Source: Adapted from Hargroves and Smith (2005).
Long Wave Cycles of Innovation
Technological innovation and economic growth are closely related and can be articulated within the concept of cycles or waves. Each wave represents a diffusion phase of a series of technological innovations creating entirely new economic sectors, and thus opportunities for investment and growth. Since the beginning of the industrial revolution in the late 18th century, five waves have been identified:
  • 1st wave (1785-1845). Leaned on innovations such as water power, textiles and iron. The beginning of the industrial revolution was mainly focusing on simple commodities such as clothes and tools. The conventional maritime technology relying on sailships was perfected, supporting the creation large colonial/commercial empires, mainly by Great Britain, France, the Netherlands, and Spain. Significant inland waterway systems were also constructed. The costs of production and transportation were significantly reduced.
  • 2nd wave (1845-1900). Involved the massive application of coal as a source of energy, mainly through the steam engine. This induced the development of rail transport systems, opening new markets and giving access to a wider array of resources. The steamship had a similar impact for maritime transportation and permitted expanded commercial opportunities in global trade. Also, the mass production of cotton substantially improved the opportunities of the textile industry.
  • 3rd wave (1900-1950). Electrification was a major economic change as it permitted the usage of a variety of machines and appliances and permitted the development of urban transit systems (subways and tramways). Another significant improvement was the internal combustion engine, around which the whole automotive industry was created and expanded the mobility of passengers and freight.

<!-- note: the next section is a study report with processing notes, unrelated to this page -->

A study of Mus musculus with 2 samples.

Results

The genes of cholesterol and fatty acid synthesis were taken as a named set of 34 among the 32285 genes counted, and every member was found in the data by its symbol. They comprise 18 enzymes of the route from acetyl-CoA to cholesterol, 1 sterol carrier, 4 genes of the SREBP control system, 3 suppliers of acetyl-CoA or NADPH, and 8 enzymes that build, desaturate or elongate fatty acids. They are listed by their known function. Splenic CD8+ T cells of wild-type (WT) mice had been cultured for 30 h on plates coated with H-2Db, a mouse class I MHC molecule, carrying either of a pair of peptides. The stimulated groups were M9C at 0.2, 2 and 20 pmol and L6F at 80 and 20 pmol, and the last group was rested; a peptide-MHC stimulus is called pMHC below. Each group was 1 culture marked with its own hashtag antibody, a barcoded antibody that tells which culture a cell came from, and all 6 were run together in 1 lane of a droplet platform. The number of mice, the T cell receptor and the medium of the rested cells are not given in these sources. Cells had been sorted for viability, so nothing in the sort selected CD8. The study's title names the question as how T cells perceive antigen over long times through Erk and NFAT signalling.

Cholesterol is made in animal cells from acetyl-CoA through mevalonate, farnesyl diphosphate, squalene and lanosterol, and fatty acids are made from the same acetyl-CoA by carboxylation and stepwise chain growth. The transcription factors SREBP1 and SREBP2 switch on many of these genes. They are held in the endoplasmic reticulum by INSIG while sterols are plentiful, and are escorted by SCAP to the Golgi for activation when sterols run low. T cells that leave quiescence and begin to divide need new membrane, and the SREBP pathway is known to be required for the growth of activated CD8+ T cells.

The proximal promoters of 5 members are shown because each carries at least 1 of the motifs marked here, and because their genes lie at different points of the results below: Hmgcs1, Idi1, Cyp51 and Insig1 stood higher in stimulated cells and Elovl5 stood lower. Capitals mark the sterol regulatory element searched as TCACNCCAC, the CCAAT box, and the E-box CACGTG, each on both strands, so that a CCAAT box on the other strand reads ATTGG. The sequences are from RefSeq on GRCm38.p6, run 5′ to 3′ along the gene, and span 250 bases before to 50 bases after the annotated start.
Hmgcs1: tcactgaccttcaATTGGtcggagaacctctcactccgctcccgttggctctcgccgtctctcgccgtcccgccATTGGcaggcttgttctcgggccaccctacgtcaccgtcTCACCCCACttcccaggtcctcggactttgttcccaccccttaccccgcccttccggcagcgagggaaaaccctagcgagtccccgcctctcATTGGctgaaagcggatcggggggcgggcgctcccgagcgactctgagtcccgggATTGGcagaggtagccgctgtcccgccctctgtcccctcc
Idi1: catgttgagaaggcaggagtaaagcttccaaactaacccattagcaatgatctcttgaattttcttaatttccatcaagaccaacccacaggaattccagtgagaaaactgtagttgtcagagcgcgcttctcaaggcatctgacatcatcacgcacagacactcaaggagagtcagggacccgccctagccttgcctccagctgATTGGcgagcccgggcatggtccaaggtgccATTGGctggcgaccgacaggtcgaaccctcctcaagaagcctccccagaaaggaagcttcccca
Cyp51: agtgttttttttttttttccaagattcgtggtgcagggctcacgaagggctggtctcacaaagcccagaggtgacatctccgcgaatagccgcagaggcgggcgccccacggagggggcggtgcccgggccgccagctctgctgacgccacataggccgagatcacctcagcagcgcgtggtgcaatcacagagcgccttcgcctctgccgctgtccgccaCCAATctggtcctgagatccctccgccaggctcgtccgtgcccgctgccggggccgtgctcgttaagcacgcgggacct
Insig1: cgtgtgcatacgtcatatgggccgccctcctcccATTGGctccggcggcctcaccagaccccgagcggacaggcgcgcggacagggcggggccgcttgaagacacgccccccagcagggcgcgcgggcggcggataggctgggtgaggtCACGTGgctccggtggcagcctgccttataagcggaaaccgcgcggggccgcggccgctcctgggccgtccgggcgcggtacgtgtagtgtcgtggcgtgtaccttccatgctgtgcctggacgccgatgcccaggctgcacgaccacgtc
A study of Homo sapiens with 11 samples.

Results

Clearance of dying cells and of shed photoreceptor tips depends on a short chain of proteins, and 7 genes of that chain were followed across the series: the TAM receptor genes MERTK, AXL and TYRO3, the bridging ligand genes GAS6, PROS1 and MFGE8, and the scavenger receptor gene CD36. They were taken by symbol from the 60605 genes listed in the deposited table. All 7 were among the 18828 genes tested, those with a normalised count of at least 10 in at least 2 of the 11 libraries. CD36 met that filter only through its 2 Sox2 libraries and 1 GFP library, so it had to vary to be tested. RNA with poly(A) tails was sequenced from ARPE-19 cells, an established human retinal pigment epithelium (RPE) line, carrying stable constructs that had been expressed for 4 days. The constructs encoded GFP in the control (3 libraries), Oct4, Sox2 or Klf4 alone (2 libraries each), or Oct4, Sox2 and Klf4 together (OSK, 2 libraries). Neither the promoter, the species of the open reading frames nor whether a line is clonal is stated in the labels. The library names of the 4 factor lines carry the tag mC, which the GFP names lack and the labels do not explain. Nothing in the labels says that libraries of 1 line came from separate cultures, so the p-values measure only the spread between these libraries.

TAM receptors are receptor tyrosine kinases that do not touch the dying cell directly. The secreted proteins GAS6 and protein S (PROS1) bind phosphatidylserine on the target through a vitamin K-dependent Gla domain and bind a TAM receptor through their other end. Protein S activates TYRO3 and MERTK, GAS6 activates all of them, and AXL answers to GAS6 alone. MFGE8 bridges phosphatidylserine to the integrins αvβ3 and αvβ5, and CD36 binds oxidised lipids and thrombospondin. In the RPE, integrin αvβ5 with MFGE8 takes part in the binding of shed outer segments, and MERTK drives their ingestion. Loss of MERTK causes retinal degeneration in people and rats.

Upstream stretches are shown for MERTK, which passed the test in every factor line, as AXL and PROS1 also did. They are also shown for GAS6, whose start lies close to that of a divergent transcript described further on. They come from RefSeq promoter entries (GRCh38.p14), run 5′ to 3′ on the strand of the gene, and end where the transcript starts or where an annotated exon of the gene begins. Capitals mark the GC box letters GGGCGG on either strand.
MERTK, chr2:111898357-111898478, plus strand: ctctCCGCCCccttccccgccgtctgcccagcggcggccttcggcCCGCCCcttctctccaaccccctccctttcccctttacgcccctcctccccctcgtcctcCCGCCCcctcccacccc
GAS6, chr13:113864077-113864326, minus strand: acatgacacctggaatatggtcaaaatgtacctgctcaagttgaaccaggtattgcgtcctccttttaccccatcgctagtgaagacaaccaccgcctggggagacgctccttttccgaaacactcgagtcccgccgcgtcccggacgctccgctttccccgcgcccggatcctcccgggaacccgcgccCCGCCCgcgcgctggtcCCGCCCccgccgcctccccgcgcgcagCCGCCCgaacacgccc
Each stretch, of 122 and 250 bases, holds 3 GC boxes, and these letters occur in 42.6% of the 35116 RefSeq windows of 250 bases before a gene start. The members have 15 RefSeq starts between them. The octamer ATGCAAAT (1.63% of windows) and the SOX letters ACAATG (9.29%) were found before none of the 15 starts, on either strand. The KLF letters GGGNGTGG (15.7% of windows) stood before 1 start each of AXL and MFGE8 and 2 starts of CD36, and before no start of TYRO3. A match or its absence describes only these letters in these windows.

• 4th wave (1950-1990). The post World War II period represented significant industrial changes with new materials such as plastics (petrochemicals) and new sectors such electronics (television). The jet engine expanded the aviation industry towards the mass market and mobility could be realized globally and created an active aerospace industry.
  • 5th wave (1990-2020?). The current wave mainly relies on information systems, which have tremendously modified the transactional environment with new methods of communication and more efficient forms of management of production and distribution systems (logistics). This spawned new industries related to personal computing devices, mainly computer manufacturing and software programming, but more recently e-commerce as information processing converged with telecommunications.
These waves are related to the phases of development of the world economy. As time progressed, the lapse between each wave got shorter. For instance, the first wave lasted 60 years while the fourth wave lasted 40 years. This reflects a growing potential for innovation and the capacity of economic systems to derive commercial opportunities from an innovation once it has been adopted. Innovations are no longer the result of individual efforts, but are organized and concerted actions whose results are rapidly diffused. Also, at the end of a cycle the rate of innovation usually declines as most of the main innovations in the driving sector have already occurred and that the industry has been captured by commercial and regulatory interests that focus more on rent seeking than innovation. It remains to be seen which innovations and technologies are going to support the next wave of economic development. Robotics. automation and sustainability are likely to be among the key drivers.